Top 10 Strategies for Temperamental Children

We’ve all heard that term “temperamental” thrown around when discussing children.  It typically has a negative connotation and is associated with behavior problems. Temperament is actually a set of inborn traits that characterize one’s behavior and personality.  Some indicators of this would be sensory sensitivity, easily overwhelmed, rapid or intense mood swings, difficulty calming down, incredibly focused or easily distracted, difficulty with transitions or needing to know the plan for the day as soon as they wake up!

Based on my experience in clinical practice, here is a list of the top ten strategies I have found for parents encountering temperamental children.

1. Have a clear, well established behavior plan.  This is so important.  These children need to know exactly what to expect if they choose to have bad behavior. If you do not have a behavior plan I would suggest creating one or working with a professional to develop one for your family.

2. Consistency is key.  You must be consistent with this plan at ALL times.  This means no allowing the child to manipulate, debate, dispute, or negotiate.

3. Never tell the child to do something if you are not fully prepared to give them a consequence if they don’t do it.  We call this task demands.  You should always follow through with whatever it is you tell them to do.  This may sound easy but it’s actually not.  If you are not prepared to implement a consequence then I would suggest not placing the demand at all.  Think of all the times you are out in public and you ask your child to do something and end up not following through because you don’t want to make a bigger scene.  In this situation you must evaluate whether or not you even want to give the demand.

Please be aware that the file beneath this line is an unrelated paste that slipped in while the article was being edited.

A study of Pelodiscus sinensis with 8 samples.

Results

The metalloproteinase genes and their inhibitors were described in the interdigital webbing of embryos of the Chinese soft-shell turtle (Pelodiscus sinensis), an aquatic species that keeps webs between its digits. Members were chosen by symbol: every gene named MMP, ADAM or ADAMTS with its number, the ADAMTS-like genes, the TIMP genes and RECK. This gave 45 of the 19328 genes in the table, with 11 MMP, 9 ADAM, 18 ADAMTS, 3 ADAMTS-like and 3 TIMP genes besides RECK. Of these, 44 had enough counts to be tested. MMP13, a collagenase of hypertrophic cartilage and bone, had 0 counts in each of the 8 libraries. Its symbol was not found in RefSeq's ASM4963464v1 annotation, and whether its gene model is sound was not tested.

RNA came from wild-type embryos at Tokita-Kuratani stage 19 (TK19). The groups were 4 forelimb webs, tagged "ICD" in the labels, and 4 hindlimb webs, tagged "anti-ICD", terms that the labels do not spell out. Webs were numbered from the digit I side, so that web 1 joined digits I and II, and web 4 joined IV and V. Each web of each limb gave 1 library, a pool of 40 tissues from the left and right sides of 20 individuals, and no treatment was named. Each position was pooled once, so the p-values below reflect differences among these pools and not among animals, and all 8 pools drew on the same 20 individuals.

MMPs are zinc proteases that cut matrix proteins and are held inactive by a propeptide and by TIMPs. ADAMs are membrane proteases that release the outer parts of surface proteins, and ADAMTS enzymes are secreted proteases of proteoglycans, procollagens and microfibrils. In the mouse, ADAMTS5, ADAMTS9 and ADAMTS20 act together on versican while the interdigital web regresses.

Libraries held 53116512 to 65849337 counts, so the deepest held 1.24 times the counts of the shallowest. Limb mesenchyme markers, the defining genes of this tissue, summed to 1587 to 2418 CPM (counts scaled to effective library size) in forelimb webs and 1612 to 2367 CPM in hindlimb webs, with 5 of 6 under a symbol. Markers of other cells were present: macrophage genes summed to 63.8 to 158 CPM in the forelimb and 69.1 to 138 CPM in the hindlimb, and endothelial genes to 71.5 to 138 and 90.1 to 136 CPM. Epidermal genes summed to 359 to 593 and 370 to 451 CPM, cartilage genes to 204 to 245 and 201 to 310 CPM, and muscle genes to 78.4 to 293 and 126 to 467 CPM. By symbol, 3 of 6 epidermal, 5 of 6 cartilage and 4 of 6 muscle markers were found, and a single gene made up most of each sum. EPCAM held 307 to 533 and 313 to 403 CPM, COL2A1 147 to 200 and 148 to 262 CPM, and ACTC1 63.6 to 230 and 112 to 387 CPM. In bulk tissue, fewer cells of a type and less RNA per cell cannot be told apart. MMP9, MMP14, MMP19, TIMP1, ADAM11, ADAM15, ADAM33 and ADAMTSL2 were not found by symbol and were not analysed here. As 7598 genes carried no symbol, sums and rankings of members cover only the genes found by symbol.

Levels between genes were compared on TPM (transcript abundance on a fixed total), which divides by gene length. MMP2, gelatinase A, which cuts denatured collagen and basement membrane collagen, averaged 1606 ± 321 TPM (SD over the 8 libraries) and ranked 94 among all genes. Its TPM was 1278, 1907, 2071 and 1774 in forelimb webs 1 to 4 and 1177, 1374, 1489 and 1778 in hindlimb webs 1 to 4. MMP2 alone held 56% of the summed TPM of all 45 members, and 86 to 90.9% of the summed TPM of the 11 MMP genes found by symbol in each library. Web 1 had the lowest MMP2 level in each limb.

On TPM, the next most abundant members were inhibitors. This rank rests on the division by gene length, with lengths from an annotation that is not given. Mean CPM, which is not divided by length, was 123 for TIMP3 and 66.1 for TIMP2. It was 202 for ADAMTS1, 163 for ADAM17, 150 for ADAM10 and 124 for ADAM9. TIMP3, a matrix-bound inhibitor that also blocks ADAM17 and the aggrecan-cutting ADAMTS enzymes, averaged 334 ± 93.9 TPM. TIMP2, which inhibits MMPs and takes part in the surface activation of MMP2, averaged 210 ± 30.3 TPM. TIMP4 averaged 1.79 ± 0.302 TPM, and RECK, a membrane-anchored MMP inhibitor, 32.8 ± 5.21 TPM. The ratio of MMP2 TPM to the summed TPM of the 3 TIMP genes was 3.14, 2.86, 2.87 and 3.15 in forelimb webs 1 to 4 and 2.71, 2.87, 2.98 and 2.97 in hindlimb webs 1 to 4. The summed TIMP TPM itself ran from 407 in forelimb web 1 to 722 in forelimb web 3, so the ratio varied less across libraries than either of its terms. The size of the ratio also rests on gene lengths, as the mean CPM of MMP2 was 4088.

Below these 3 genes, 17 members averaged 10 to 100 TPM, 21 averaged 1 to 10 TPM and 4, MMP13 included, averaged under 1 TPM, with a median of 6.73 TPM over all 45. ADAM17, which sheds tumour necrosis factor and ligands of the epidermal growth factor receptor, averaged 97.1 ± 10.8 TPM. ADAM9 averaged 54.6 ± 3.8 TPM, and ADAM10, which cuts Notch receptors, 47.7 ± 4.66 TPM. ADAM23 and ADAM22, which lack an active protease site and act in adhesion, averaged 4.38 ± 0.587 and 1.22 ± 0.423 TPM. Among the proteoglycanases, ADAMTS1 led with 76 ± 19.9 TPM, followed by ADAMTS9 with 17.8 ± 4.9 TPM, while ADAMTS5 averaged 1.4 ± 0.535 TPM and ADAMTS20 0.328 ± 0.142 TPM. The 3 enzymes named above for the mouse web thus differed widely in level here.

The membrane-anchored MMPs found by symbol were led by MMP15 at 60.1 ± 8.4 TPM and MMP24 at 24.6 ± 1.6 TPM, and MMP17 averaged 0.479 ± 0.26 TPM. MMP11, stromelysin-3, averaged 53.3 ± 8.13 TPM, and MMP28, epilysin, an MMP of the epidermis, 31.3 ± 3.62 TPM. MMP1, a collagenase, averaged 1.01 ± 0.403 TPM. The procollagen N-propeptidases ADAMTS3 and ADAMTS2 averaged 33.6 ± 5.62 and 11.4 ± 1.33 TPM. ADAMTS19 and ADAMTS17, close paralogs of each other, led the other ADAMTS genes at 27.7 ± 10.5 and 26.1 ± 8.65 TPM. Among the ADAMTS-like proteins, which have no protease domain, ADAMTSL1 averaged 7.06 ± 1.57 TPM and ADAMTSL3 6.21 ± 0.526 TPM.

4.  Incorporate the child in the behavior planning process.  For example, in my home the child is allowed to choose her privileges for the week.  She works to earn the privileges she chooses that week and then the next week is able to choose new ones.  This keeps children feeling as though they have skin in the game and at control over their own outcomes.

5. Ignore.  Ignore.  Ignore.  This is such an important component of disciplining temperamental children. Children will go through multiple stages of behavior before the eventually hit their extinction burst (the worst behavior you’ll see before it gets better). Ignoring will need to be written into your behavior plan and used when indicated in the plan. For example, during timeout session a parent is to ignore ALL behaviors unless at child is trying to harm themselves or someone else.  At this point you would just remove them from that particular situation or environment without any engagement and follow through with the time out.

6.  Know how to do a correct timeout.  Timeout is useless an ineffective if you are doing it the wrong way!

7.Use modeling of your own behaviors in front of your children.  Let’s say anything cant set your child off.  She is trying to put on her sweater and is having a difficult time get her arms in the right way and her head through the hole.  She explodes and has a tantrum due to low frustration tolerance.  When you begin to have difficulty putting on a item of clothing, in front of your child, begin to to say something like this, “I am having a really hard time getting my sweater on.  I think I am going to breathe deeply and try to relax.  If that doesn’t work I think I’ll sit down and wait for 10 seconds.”

8.  Set a strict limit to how many times you will ask you child to do something, I say 2.  This is crucial.  Your child needs to know that if he/she does not comply and you get to the number 3, they have earned a consequence.  They must comply before you say 3 or they will be disciplined according to the behavior plan.

9. Use feeling identification regularly.  If the child is sharing a feeling or thoughts about a particular event that occurred, use reflective listening to indicate a feeling word.  For example:  Child: Today my friend hit me with a ball.  She told me she didn’t like me anymore.  Parent:  What did that make you feel like?  Child:  I don’t know.  Bad.  Parent: It sounds like that probably hurt your feelings and made you feel a little sad and confused.  You do this to make them feel heard and understood!

10. Understand your own triggers, pet peeves, and stressors.  As a parent we are not always equipment with the personality to best deal with our children.  Being mindful and self-aware of our own struggles will allow up to implement a behavior plan with these in mind.